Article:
The North Carolina Symphony’s latest candidate for music director, Alastair Willis, took the orchestra and audience through the familiar territory of Beethoven and Tchaikovsky. On the whole, this is not a bad way to showcase a candidate; if nothing else, it makes it possible to evaluate his interpretations against those of countless other conductors. The conductor, on the other hand, is faced with the challenge of making the music sound fresh, not only merely comfortable. Willis was clearly aware of the challenge and sought to meet it, sometimes successfully, sometimes decidedly not.

Dmitry Kabalevsky’s overture to his opera Colas Breugnon opened the concert with a bang. The work, one of the few compositions of his large output ever performed outside Russia, is usually relegated to easy listening programs, a natural for the Summerfest concerts in Regency Park. We would have preferred a more contemporary work in its place in order to hear how Willis handles more complex music. Nevertheless, he pulled out all the stops for this rousing work and elicited good balance from the orchestra sections and soloists. Most important in this piece, rhythms were snappy.

Pianist Hélène Grimaud was supposed to be the soloist for the evening, but illness forced her to bow out and William Wolfram stepped into the breach, performing Beethoven’s Piano Concerto No.4. Wolfram, who visited here many years ago as a young pianist, has matured and gave a thoughtful performance – in everything but the two cadenzas. The orchestra did less well, especially in the first movement, where Willis’ approach at the opening tutti was so laid back that the music lost its drive and definition and sounded like a rehearsal for a “Beautiful Music” CD. He did, however, adapt quite well to Wolfram’s tempi. The second movement went much better, and the third suffered from too much haste.

A word about cadenzas. This is not the first time that we have heard unfamiliar cadenzas that simply didn’t work. We never know where they come from – perhaps from the pen of the soloists themselves – but more often than not, they sound, as in Wolfram’s case, jarringly anachronistic and unmusical. So, if you can’t improve on existing cadenzas, leave well enough alone.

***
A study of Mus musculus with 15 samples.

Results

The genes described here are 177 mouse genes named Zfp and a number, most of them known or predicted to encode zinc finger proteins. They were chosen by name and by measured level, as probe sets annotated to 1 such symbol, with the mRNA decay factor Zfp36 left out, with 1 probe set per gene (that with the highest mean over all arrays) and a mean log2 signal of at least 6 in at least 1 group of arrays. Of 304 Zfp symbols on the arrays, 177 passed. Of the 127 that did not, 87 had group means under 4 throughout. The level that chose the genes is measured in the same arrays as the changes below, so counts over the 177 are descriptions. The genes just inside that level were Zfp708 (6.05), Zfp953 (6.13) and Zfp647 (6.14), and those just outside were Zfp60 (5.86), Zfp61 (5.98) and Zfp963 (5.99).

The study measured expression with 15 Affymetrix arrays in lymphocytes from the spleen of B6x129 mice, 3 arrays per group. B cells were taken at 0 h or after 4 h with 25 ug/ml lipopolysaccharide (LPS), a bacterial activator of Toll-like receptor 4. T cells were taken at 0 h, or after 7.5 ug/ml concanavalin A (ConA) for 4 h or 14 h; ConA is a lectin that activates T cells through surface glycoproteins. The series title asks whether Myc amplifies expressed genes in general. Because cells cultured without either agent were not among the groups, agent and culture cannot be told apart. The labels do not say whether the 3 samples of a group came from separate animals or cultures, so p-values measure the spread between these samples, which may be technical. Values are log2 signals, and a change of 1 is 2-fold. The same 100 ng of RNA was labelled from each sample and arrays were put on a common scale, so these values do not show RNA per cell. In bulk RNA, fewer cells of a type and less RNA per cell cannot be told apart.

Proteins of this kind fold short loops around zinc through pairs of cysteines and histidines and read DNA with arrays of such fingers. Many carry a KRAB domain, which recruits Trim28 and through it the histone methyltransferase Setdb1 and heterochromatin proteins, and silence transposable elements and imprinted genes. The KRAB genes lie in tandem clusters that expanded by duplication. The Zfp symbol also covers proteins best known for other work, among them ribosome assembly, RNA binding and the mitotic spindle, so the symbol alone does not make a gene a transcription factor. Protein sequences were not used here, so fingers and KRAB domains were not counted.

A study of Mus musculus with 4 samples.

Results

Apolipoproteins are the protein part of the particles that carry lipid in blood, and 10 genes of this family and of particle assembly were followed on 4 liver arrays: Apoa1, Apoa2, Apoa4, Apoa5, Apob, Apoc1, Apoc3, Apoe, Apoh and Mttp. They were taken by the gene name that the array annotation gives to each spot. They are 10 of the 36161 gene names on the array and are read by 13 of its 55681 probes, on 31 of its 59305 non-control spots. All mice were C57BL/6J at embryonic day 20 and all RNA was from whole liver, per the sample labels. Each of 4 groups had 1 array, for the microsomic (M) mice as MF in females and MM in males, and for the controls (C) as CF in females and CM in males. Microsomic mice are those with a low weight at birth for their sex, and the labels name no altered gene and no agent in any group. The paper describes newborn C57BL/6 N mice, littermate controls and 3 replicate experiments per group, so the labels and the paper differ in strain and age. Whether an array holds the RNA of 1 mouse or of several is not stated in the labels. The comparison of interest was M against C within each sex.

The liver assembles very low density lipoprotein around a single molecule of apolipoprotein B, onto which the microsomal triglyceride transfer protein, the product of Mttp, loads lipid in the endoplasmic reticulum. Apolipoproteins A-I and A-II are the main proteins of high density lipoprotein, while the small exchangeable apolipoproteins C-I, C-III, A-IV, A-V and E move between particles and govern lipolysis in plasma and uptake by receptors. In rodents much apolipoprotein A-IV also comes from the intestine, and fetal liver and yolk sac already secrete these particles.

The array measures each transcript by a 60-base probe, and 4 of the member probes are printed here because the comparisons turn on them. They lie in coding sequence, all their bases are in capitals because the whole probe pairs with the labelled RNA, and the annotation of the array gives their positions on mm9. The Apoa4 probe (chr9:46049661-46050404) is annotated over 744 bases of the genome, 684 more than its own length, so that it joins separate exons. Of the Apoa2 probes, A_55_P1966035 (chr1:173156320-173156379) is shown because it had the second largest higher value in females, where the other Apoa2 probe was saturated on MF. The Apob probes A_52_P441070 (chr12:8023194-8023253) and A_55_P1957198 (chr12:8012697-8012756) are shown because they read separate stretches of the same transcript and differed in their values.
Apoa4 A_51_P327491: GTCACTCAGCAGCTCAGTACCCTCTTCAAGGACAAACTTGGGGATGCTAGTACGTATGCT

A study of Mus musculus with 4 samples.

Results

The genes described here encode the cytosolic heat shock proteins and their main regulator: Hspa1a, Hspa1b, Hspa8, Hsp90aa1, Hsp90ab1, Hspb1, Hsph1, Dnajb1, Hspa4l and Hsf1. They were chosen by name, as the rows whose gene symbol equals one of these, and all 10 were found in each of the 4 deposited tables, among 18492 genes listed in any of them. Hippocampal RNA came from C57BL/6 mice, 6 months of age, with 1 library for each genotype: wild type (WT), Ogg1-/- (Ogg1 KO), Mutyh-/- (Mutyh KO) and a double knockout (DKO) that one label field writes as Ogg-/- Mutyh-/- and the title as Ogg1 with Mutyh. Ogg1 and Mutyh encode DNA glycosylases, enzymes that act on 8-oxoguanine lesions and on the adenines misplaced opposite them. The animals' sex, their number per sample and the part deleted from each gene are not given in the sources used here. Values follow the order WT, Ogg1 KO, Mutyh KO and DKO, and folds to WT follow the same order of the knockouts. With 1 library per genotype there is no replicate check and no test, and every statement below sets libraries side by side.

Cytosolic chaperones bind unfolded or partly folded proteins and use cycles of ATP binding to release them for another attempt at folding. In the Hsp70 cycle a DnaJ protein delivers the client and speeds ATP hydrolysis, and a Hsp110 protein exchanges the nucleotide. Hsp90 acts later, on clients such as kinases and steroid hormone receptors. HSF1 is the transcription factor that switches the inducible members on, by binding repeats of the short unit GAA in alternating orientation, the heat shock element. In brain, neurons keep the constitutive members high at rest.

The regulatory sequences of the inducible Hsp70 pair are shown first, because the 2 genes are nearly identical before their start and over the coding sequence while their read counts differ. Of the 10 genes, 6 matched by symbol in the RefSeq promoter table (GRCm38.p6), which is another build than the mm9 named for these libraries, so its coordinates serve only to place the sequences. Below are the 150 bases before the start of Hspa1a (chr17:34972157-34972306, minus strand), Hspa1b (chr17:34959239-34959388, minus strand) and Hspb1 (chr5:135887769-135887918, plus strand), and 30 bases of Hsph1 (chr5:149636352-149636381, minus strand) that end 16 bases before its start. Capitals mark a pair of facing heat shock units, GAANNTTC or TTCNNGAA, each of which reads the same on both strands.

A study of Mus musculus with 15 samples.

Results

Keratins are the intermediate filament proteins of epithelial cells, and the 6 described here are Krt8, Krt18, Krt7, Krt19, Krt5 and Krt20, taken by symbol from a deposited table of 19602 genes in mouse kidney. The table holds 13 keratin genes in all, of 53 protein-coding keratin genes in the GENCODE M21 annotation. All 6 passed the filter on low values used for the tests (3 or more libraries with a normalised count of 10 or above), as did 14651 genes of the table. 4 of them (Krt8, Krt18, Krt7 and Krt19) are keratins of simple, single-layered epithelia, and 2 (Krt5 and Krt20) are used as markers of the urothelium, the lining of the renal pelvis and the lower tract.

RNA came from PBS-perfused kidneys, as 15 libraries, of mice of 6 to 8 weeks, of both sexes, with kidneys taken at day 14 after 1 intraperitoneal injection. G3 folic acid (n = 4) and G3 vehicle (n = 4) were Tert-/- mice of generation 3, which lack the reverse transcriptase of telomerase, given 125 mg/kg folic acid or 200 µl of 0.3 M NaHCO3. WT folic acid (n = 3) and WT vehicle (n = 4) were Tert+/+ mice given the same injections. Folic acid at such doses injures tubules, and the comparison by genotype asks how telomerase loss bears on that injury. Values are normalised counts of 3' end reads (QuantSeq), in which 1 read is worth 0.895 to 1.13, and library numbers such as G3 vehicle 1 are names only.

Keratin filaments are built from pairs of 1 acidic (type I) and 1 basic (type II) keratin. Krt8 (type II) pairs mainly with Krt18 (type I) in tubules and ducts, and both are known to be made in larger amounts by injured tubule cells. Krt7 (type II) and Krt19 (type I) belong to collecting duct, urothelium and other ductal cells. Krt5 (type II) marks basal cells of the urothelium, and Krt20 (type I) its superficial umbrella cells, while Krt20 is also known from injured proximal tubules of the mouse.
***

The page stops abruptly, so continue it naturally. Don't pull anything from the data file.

Then came Tchaikovsky’s Fifth Symphony. Warhorses can get boring – both to play and to listen to – and we appreciate a conductor who tries to put a new face on one. Right from the get-go, Willis went the maudlin route, as if trying to play the work according to the composer’s tormented biography rather than his notes. The opening of the first movement was so drawn out and replete with sforzandos, and the pauses so pregnant, as to be frankly schlocky. Even so, the opening A clarinet solo* was played outstandingly, despite strict adherence to Willis’ histrionic directions. The tempi and dynamics in the rest of the movement continued to meander all over the map. Willis took the second and third movements in a more straightforward manner, but he rushed the finale so that the lovely short woodwind solos simply got lost in the fray.

We disagreed about Willis’ visual appeal. Joe was distracted by too much podium movement and excessive cuing – Willis virtually reached into the orchestra at times as if to physically drag out a solo. Elizabeth didn’t mind, believing that clear conducting helps the audience understand the music better, where it comes from and how an interpretation is achieved.

All in all, the Symphony has better prospects.


The NCS’s regularly showcases promising young musicians in pre-concert performances in the lobby of Meymandi Hall – some more promising than others. On the Symphony’s menu this weekend was Higher Octaves, a violin ensemble led by Welinda Atchley, a string teacher at Meredith College. Ranging in age from eight to sixteen, this accomplished group turns out to have been an ad hoc ensemble that Atchley put together to supply music for her daughter’s upcoming wedding this summer. Unfortunately, the festivities were preempted by the groom’s posting to Iraq.

Higher Octaves certainly deserves to continue attracting an audience beyond proud parents. Among the selections was the entire Bach Concerto for Two Violins in d minor, arranged for continuo and four violin parts, with the two upper voices playing the solo parts. Good precision and intonation for this challenging performance – incidentally without a conductor – merits an extra kudo.

* Nostra culpa for not checking the score; the Symphony opens with two A clarinets in their lowest range, not a bass clarinet as we originally stated.